Jain Anderson wrote:Allazandrea Cottonwood I am glad you are the 'exception to the rule' I only wish there were many more like you! (and even ONE in my area!) Following your passion is a wonderful way to live and enriches all that is around you too.
A neighbor here tells me of her 'story' - even as a very young girl she wanted to live on a 'ranch/farm'. Her ranching aunt smiled and said Yeah, sure' but she DID find a man who likewise enjoyed gardening, raising stock and living a la natural. She is now in her late 70s and lives on acreage with some hens & fruit trees only wishing they could find a young couple who wanted to co-habitat their land and carry on this passion.
Hi @Jain Anderson
I find it very hard to be the exception to the rule. You have to take a lot of risks and do things that many people see as 'irresponsible'. As a 'millennial' I get FOMO and I wondering if all my efforts will be worth it in the long run when all my friends are ski bums that aren't interested in staring families or owning property.
So some personal background. I live in a small mountain town. I grew up in this town, i left to go to school, but even with my travels I never found I place I loved more than my home town. Lucky for me to grow up in such a special place!
For the town and surrounding area you either work for the coal mines or the tourism industry. The tourism industry is 'fun' but pays peanuts. The mining industry pays well but is soul crushing. It's a very expensive place to live. I would estimate the cost of living at $20/hour CAD. Anything job in the tourism industry will pay you minimum wage or close to despite being a skilled worker. My boyfriend is a ski patroller and throws explosives, manages avalanche terrain, and evacuates injured people out of crazy exposed places... he makes $16/hour with no benefits. He is one of the more experienced members on staff. Minimum wage here is about $15/hour for reference (since the new minimum wage increase).
I've watched the housing prices nearly double in the last 5 years because of the increased tourism. I moved 20 minutes out of town to be able to afford a small chunk of land (under a half acre) in an "undesirable area". The same property in town would be worth easily $500,000. I live in a glorified mobile home...
. People told me I was insane moving here. I was scared I was making a stupid investment. I adore where I live now! Mostly because I can have chickens here. Totally different zoning and type of people. People here are more relaxed. No need for perfectly manicured lawns and million dollar homes. You can park as many dilapidate vehicles on your property as you want and no one will say a peep. I have noisy chickens, you have yappy dogs, but we're all good!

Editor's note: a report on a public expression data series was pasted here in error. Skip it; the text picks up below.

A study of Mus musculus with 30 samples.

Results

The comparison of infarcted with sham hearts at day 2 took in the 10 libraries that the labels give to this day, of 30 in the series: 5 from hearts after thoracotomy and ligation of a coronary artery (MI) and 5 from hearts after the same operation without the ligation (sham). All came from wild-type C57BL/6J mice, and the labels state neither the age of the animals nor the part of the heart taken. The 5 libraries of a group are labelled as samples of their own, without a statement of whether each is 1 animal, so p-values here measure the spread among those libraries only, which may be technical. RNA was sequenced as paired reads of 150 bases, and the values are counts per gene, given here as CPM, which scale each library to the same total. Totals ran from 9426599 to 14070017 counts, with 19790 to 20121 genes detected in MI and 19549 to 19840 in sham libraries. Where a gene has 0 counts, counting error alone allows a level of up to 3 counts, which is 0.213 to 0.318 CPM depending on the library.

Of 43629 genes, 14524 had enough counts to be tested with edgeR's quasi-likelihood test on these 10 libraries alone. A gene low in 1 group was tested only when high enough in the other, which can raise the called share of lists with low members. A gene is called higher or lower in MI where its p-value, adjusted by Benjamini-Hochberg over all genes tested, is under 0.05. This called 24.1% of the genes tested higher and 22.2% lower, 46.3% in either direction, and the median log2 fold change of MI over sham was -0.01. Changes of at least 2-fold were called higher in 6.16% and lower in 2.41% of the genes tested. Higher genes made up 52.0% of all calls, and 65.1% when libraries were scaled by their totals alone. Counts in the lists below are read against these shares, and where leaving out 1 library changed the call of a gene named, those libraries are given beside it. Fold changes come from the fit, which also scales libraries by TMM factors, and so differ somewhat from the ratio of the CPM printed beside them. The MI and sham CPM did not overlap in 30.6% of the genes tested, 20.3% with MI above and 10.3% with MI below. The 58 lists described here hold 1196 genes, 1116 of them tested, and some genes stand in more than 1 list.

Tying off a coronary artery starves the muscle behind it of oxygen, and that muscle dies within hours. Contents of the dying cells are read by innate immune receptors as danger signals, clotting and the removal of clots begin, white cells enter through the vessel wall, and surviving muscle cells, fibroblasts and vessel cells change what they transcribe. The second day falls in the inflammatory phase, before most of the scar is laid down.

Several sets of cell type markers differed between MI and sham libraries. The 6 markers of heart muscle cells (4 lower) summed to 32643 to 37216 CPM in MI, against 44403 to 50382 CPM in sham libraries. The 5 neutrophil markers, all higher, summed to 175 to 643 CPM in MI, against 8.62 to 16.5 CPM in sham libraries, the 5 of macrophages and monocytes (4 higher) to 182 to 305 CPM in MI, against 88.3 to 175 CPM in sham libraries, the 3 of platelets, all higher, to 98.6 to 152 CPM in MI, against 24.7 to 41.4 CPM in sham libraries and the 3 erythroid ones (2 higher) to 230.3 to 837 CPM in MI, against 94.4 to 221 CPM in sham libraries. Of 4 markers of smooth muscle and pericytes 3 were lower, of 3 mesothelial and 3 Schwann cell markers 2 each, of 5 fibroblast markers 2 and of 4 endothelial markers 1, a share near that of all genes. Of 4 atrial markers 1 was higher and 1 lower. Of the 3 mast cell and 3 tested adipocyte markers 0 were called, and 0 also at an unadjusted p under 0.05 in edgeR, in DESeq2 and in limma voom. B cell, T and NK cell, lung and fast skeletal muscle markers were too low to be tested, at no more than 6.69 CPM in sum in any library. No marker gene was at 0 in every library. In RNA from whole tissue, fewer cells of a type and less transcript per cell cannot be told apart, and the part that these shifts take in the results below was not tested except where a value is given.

That being said, in town there are so many people with acreages that can't manage them. They have to work a 60/hour week just to pay their mortgage so the are lot's off people would would welcome help in this area. They want to have the dream life but had no idea how hard it is to keep a chicken alive in bear, fox, coyote, eagle, hawk, skunk country.
The market is wide open.There are very few people in this area growing food, for a few reasons:
- Climate (Our snow pack is about 15 feet with annual snowfall of near 30ft)
- Cost of Living
- Market: People are just starting to learn the value of real food. Before the word 'Organic' was pretentious rich people shit. Not anymore! The rednecks are being converted to 'rippies' (redneck + hippy) and the foodies are coming in full force!
The problem where I live is that people value recreation over anything else. Although there is a strong sense of connection to nature, in order to be able to afford the recreational activities people have an odd sense of values. People will pay $7,000 for a mountain bike and eat Kraft dinner every night to afford it. Most people only started to care about the logging in the area after it took out their trail network. When I'm stressed out about my business or my homesteading pursuits they ask my "have I been kayaking enough?" or "have I been biking recently?". Apparently I work too hard on reducing food scarcity and not enough on making enough money to take rad adventure vacations.
It's a split community these days. Wealthy newcomers and old school locals; the lower income families getting continuously marginalized.
To live here and invest in my business I've had to be creative for income. I kid you not, that's how people confirm my identity.
Doctor: Is you daughter so-and-so?
My Dad: She sure is!
Doctor: Oh, so you're the Father of the 'Girl with 5 jobs'.
This year I've work as a ski coach, retail staff, project manager, white water photographer, outdoor educator, cleaning staff, book keeper, social media aid, seed collector ... all on top of running my small business essentially solo. I hope to earn enough this winter that I can work on just my market garden and composting services next year.
I've put so much money and time into the business without making anything back... but this season I will break even (Not including my time yet). I'm pretty stocked about that so I'm going full force for next summer.
This being said I feel like I had it easy. I came from a middle class family, escaped university without student debt, and my friends, family, and community have been SUPER supportive of my initiates. I lucked out as there is now a demand of local, organic food where before the farmer's markets where for plastic trinkets and mini donuts. That and the surge in tourism has also increased the demand for restaurants to seek out local suppliers. My status as a 'local girl' has been endlessly helpful. My community WANTS me to succeed.
I'll have to make a thread about how my business runs (or aims to). I'd love to hear people's feedback and maybe it will inspire someone else. What do you think?